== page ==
How Lori Loughlin's Daughters Feel About Her Pleading Guilty in College Admissions Scam

(Frazer Harrison/Getty Images)

Lori Loughlin and Mossimo Giannulli's daughters are struggling with their parents' decision to plead guilty in the college admissions scandal. 

Lori and Mossimo paid $500,000 in bribes to get their daughters, Olivia, 20, and Isabella, 21, admitted to the University of Southern California as recruits for the crew team, though neither of them had ever participated in the sport. The couple initially pleaded not guilty to all charges leveled against them, claiming their payments were donations to the school and not bribes. 


Lori and Mossimo's decision to plead guilty came nearly two weeks after Judge Nathaniel Gorton declined to dismiss the charges against the couple and several other parents after they accused investigators of fabricating evidence.

"Ever since the judge denied the motion to dismiss all charges in their parents criminal case it's been weighing on the entire family," the source continues. "For some time they had agreed not to discuss the case at home but that ruling was a game changer for everyone. They expressed their fears to their parents and the urgency for this to be over and for all of them to move on."

Though Lori "trusts her girls and close friends and of course values their opinions," the source tells ET that her decision to plead guilty was made "with her husband and her legal team."

"Lori's friends have encouraged her throughout this process to take a plea. The moment Felicity Huffman took a plea, Lori's friends pushed her to do the same," the source says. 

Last fall, Huffman spent 13 days behind bars after admitting to paying $15,000 to help get her eldest daughter, Sophia, into an elite college by cheating on the SAT. The actress was also ordered to complete 250 hours of community service and pay a $30,000 fine.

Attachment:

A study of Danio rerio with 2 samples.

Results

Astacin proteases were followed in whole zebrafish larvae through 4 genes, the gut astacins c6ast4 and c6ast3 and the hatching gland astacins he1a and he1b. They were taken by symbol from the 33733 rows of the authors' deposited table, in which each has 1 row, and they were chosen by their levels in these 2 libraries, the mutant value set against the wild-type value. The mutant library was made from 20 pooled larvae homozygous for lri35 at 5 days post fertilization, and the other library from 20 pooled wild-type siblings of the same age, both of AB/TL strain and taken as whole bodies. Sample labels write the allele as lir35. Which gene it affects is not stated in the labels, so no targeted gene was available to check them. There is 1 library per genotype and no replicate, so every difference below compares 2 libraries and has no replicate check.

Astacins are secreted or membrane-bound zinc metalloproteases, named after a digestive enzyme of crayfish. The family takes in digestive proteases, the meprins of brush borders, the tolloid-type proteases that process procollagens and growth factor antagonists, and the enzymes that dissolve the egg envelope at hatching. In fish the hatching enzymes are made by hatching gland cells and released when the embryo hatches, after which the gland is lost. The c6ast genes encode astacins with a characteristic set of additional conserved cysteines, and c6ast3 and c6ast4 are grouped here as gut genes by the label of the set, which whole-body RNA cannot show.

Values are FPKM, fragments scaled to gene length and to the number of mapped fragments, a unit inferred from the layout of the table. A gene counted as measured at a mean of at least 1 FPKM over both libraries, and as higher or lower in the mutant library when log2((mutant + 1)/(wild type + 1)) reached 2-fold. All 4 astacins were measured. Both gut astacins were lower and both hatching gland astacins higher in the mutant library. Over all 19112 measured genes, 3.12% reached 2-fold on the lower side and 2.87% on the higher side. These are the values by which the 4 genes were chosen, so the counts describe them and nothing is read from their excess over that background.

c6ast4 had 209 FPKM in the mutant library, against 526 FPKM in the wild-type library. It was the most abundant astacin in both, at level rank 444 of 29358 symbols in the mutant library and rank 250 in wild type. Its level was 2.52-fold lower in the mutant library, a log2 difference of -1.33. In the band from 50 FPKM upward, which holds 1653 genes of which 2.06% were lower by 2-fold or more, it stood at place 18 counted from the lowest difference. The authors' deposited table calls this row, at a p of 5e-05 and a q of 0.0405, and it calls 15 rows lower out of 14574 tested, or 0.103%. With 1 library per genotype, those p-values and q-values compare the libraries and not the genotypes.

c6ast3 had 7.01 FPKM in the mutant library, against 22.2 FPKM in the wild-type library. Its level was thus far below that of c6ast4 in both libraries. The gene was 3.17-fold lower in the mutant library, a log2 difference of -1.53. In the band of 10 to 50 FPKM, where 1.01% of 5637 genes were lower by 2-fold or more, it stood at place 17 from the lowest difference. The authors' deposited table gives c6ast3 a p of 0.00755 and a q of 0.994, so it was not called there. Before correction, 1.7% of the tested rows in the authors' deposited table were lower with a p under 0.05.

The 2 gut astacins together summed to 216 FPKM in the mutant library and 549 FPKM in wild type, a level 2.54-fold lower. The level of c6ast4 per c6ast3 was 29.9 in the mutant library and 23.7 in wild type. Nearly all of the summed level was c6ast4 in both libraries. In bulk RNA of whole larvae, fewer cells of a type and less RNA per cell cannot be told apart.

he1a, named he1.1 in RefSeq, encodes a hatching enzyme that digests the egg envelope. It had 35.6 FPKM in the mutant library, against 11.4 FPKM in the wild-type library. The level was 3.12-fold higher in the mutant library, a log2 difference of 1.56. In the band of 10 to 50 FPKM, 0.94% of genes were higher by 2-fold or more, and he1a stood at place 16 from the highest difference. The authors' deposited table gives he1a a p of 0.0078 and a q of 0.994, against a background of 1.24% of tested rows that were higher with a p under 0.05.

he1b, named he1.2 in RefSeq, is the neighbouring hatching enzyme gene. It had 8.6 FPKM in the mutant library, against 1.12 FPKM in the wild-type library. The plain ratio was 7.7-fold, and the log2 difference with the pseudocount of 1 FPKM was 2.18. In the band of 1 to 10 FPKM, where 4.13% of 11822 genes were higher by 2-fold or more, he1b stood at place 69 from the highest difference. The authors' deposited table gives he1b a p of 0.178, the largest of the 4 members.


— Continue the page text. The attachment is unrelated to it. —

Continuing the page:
Lori, however, "never planned to plead guilty" like Huffman. "She just has never felt she deserved to be punished for trying to help her children and give back to the school," the source says. "She stood by her husband and lawyers’ decision to not take a plea. She believed that once the judge and jury heard her side of the story, they would understand."

The source adds, "But as time passed, the reality set in. Right now, all she wants is for this entire nightmare to be over."

Also factoring into Lori's decision to take a plea was, according to the source, "her hope that she could possibly receive house arrest during the coronavirus pandemic."

"She only wishes her court date were sooner so her family can move on and get back to some semblance of a normal life," the source says of Lori and her husband's Aug. 21 sentencing date. "Lori held out for as long as she possibly could before she finally broke down and took a plea. She truly felt she had no choice despite her belief she doesn't deserve any jail time."

Both Lori and Mossimo have now agreed to serve jail time in their plea deals. Lori agreed to serve two months in prison and two years of supervised release, pay a $150,000 fine, and complete 100 hours of community service, while Mossimo agreed to serve five months in prison and two years of supervised release, pay a $250,000 fine, and complete 250 hours of community service.

"She has faced many sleepless nights in fear of the final outcome before coming to terms with the fact she couldn't chance spending years away from her girls behind bars," the source says. "She also knew she and Mossimo were risking their children losing both parents for a very long time."